WFP says migration causing increase in school dropout rate


KARACHI – The World Food Programme (WFP) has said that the migration of people from the arid zone areas of the province due to drought has forced their children to leave schools where they were enrolled. The project director of the WFP’s Assistance to Girls Primary Education in Sindh (AGPES), Dr Shamaroza has informed Sindh Chief Minister Qaim Ali Shah in a report that students in the arid zone areas are not dropping out of schools due to the closure of the project, but the actual reason is migration of their parents to irrigated areas during harvesting seasons.
The report was sent to the chief minister in response to a media report on the rising dropout rate of children in primary schools of 45 union councils of nine talukas after the World Food Programme stopped supplying wheat and oil to their parents under the AGPES. The report stated that due to heavy floods in Sindh, WFP authorities have diverted assistance from arid zone districts towards the flood-affected districts of the province.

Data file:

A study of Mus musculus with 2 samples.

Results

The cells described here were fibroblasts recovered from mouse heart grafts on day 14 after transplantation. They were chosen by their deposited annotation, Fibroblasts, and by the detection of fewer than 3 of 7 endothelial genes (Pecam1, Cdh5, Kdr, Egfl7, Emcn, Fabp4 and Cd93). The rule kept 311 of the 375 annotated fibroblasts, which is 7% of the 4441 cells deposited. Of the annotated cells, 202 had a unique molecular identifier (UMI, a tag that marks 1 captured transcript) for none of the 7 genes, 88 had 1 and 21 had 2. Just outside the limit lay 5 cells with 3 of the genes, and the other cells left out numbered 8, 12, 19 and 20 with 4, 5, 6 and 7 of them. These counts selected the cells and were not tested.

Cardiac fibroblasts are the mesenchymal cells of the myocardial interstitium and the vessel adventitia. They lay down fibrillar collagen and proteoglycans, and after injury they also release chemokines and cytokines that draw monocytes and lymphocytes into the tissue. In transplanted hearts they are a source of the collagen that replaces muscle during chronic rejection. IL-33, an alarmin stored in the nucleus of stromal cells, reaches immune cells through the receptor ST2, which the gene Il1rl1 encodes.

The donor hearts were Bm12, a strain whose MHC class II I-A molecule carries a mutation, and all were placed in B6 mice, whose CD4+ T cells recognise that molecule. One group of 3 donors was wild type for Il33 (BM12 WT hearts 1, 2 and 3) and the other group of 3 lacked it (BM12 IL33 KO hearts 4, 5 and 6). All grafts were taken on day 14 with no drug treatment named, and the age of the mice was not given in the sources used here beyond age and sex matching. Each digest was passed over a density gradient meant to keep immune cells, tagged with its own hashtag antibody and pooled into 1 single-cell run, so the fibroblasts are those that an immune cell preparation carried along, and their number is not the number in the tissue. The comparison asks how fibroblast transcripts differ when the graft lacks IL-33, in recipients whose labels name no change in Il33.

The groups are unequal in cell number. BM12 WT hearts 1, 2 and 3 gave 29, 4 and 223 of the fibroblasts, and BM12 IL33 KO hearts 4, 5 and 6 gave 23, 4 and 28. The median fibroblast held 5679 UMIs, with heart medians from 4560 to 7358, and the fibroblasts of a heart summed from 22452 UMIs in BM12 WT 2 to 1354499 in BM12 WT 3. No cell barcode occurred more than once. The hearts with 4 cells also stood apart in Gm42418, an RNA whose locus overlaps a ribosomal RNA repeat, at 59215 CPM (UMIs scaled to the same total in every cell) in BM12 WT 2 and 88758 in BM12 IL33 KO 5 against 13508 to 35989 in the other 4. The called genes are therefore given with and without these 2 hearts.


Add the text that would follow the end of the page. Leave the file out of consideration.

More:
“WFP authorities started a Flood Recovery Assistance Programme for 468,000 primary school children in seven districts in the province – Jacobabad, Qambar-Shahdadkot, Kashmore, Dadu, Jamshoro, Thatta and Tharparkar in early 2011 and will continue till December 2012,” the report added. It stated that the WFP authorities have also prepared a relief intervention on temporary basis namely Food Crisis Emergency Programme for two years (September 2008 to October 2010).
The programme was designed for 128,000 households of the arid zone areas of four most food insecure districts of Sindh – Tharparkar, Umerkot, Sanghar and Khairpur. The report said that under the programme, 4,200 girls and boys of primary schools were provided wheat and oil, and the main objective of WFP assistance was to provide inflation-proof relief assistance to household in the shape of one bag of 50kg wheat quarterly and one four-litre tin of edible oil on monthly basis, excluding summer and winter vacations, and also ensure retention of primary school students at a time of high risk of drop-out. The WFP authorities had established their own warehouses with their supervision, monitoring, transportation and distribution arrangements, and due to this assistance, the enrolment of students had increased.